Manufacturing News

Company that saves family holidays with its waterproof cast protectors secures new Boots deal


Company that saves family holidays with its waterproof cast protectors secures new Boots deal

Precision Dippings Manufacturing makes waterproof protectors for arm and leg casts, which mean a splash in the pool isn’t off limits despite a break.

Which is a relief to the 37,000 children who break a bone before a family holiday each year.

The Yate based company developed its Bloccs product after being inspired by an injury to a family member.

Doctors advise keeping plaster casts dry to keep the dressing intact. The protectors provide a waterpool seal, meaning people can shower, bathe or even swim without getting the cast wet.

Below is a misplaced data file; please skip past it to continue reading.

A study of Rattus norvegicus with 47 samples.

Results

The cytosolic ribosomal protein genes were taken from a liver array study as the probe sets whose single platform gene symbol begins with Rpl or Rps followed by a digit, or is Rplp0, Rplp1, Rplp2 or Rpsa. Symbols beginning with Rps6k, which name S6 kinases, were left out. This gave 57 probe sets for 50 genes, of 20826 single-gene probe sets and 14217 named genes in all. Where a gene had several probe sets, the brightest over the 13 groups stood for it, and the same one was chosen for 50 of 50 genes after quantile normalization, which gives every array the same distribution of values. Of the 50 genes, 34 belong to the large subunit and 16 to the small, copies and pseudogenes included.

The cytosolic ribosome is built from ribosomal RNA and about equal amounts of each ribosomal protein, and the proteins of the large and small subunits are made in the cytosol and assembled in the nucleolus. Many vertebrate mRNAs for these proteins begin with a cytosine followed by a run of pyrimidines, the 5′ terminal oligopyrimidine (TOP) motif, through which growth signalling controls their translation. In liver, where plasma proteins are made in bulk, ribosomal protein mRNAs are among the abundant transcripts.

The product – which won the firm Innovator of the Year in the 2014 Bristol Post Business Awards, staged in association with UWE Bristol – has just reached its second birthday.

And to make it a double celebration, the firm has secured a deal with Boots. The retailer already stocked a limited number of the protectors but is now selling the full range through its website.

Director Kate Richards: “Judging from the number of comments we’re getting from relieved holidaymakers, Bloccs would appear to have become the latest must-have travel accessory.

“It’s lovely to be contacted by so many happy customers, sending us photos of them on holiday wearing the protectors at the beach and pool. We’re even had a couple of shots of people wearing them while snorkelling this year. Fantastic!”

The company also get orders from people on holiday asking for deliveries to their hotel or campsite.

The company has seen sales rise 150 per cent since the introduction of Bloccs in 2013.

While the product is relatively new, Precision Dippings has been around for some time.

It also produces the rubber seals used by a number of global dry suit manufacturers and makes specialist components for Formula One cars.

It was also the company behind the production of the stretchy element of the Stretch Armstrong toy, a must have for youngsters in the 1970s.